Arthur Cates(29 April 1829 – 15 May 1901) was an English architect.
The son of James Cates by his wife Susan, daughter of John Rose, he was born at 38 Alfred Street, Bedford Square, London. After education at King's College School he entered as pupil the office of Sydney Smirke, in 1846. Cates's executed works were not numerous; but in 1870 he succeeded Sir James Pennethorne as architect to the land revenues of the crown under the Commissioners of Woods and Forests. He then controlled the architecture of the Crown Estate in London.
Cates, who joined the Architectural Association in 1847, became an associate of the Royal Institute of British Architects (RIBA) in 1856, a fellow in 1874, and a member of the council in 1879; he served as vice-president from 1888 to 1892. Architectural education was one of his concerns, and he long controlled the RIBA examination system. From 1882 to 1896 he was chairman of its board of examiners, and preliminary, intermediate, and final examinations were brought in. He was also a fellow of the Surveyors' Institution.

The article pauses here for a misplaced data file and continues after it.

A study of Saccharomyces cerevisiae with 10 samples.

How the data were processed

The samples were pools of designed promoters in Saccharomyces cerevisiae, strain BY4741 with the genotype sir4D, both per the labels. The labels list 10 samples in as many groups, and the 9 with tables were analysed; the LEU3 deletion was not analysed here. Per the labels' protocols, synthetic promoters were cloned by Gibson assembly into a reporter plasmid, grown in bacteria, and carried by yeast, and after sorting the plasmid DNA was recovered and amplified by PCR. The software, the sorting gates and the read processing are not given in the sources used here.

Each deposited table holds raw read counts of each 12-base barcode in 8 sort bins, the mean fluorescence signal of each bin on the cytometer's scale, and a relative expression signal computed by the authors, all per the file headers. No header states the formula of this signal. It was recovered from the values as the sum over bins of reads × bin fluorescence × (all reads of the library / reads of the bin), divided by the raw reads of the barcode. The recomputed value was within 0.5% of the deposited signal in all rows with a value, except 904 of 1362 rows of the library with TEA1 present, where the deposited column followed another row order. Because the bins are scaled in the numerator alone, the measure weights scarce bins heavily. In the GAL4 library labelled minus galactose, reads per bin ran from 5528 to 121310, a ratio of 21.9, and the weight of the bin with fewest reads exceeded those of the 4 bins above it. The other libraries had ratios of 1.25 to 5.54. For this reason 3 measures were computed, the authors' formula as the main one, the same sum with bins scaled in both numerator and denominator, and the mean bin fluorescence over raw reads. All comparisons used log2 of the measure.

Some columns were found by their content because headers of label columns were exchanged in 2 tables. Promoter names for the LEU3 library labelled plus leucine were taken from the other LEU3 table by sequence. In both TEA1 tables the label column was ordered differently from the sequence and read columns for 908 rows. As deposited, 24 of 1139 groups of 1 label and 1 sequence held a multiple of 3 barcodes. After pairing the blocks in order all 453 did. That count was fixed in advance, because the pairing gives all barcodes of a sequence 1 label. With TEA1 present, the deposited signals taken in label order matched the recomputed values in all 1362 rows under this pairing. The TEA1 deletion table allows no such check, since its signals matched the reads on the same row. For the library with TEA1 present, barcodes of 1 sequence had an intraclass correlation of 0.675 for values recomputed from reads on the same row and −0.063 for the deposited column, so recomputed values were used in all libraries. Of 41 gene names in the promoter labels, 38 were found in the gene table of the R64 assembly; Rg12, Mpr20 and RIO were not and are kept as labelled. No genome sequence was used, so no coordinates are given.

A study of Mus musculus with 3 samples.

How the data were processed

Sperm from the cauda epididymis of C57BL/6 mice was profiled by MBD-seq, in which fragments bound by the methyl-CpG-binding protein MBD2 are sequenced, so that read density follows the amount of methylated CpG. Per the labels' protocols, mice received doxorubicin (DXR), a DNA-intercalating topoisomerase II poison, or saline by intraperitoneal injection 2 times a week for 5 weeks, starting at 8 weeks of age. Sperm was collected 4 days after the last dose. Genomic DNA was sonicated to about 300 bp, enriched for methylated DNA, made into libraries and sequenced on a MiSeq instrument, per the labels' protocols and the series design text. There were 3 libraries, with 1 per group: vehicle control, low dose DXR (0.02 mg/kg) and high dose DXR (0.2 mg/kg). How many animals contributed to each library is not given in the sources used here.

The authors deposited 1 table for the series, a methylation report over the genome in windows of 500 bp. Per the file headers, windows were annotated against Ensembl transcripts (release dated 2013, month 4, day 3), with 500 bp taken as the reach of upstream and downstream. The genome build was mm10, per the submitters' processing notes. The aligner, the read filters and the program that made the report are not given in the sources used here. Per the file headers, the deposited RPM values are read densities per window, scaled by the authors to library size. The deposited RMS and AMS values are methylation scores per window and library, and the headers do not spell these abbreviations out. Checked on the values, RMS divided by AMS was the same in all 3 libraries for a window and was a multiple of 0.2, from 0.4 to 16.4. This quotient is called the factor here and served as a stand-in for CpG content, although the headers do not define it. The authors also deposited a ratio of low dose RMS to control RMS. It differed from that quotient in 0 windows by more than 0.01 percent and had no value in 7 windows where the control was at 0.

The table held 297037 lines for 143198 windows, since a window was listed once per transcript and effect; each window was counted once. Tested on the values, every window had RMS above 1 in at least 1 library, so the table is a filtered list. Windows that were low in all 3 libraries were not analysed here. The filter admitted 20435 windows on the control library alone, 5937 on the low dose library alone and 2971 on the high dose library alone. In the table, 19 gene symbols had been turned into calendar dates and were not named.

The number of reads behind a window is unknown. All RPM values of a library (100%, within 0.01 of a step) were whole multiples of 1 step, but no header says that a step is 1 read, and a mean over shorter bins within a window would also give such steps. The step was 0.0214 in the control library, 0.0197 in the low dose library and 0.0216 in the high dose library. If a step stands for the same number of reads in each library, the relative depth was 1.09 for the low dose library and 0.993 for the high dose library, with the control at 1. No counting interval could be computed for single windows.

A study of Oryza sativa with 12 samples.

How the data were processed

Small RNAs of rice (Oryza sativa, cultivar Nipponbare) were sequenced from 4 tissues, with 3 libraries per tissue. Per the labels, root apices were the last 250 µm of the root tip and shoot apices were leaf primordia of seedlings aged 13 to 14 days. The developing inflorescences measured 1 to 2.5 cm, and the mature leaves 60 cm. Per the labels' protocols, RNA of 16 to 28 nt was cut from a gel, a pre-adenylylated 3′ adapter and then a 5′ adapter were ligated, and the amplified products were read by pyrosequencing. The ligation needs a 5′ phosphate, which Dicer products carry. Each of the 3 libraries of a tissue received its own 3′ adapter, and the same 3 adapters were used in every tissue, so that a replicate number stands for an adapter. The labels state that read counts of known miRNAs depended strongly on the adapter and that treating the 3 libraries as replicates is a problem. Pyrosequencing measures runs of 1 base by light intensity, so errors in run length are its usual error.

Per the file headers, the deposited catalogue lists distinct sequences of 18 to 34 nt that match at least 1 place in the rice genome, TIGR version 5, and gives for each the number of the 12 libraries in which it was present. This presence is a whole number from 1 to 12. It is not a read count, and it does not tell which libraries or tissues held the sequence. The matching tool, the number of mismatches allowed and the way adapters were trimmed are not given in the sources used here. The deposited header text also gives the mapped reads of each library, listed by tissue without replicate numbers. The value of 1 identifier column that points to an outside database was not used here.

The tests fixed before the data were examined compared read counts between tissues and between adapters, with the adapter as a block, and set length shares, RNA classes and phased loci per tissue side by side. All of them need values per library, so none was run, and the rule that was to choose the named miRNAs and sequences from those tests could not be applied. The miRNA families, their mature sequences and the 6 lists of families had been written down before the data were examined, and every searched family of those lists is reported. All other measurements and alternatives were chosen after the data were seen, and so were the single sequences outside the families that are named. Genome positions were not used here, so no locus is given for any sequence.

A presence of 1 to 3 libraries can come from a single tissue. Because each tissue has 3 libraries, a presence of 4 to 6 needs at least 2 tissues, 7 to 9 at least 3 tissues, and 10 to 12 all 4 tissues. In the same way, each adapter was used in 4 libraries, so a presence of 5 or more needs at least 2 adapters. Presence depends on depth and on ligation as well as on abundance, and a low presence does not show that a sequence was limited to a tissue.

From 1859 to 1892 Cates acted as hon. secretary of the Architectural Publication Society. When in 1894 the tribunal of appeal under the London Building Act was appointed, he was elected the first chairman, and was re-elected in 1900 for a further term of five years.
As surveyor to the Honourable Society of the Inner Temple, Cates designed in 1887 the archway and gatehouse leading from Tudor Street to King's Bench Walk. He formed a good architectural library, and many of his books were given or bequeathed to the library of the Royal Institute of British Architects. He bequeathed an annual prize bearing his name, which after his death was awarded in connection with the RIBA examinations.
Cates assisted in the compilation of the Architectural Dictionary, which his friend Wyatt Papworth edited. He wrote for the Dictionary of National Biography memoirs of Wyatt Papworth, his father and brother.
Cates married in 1881 Rosa, daughter of William Rose, who survived him. There was no issue of the marriage.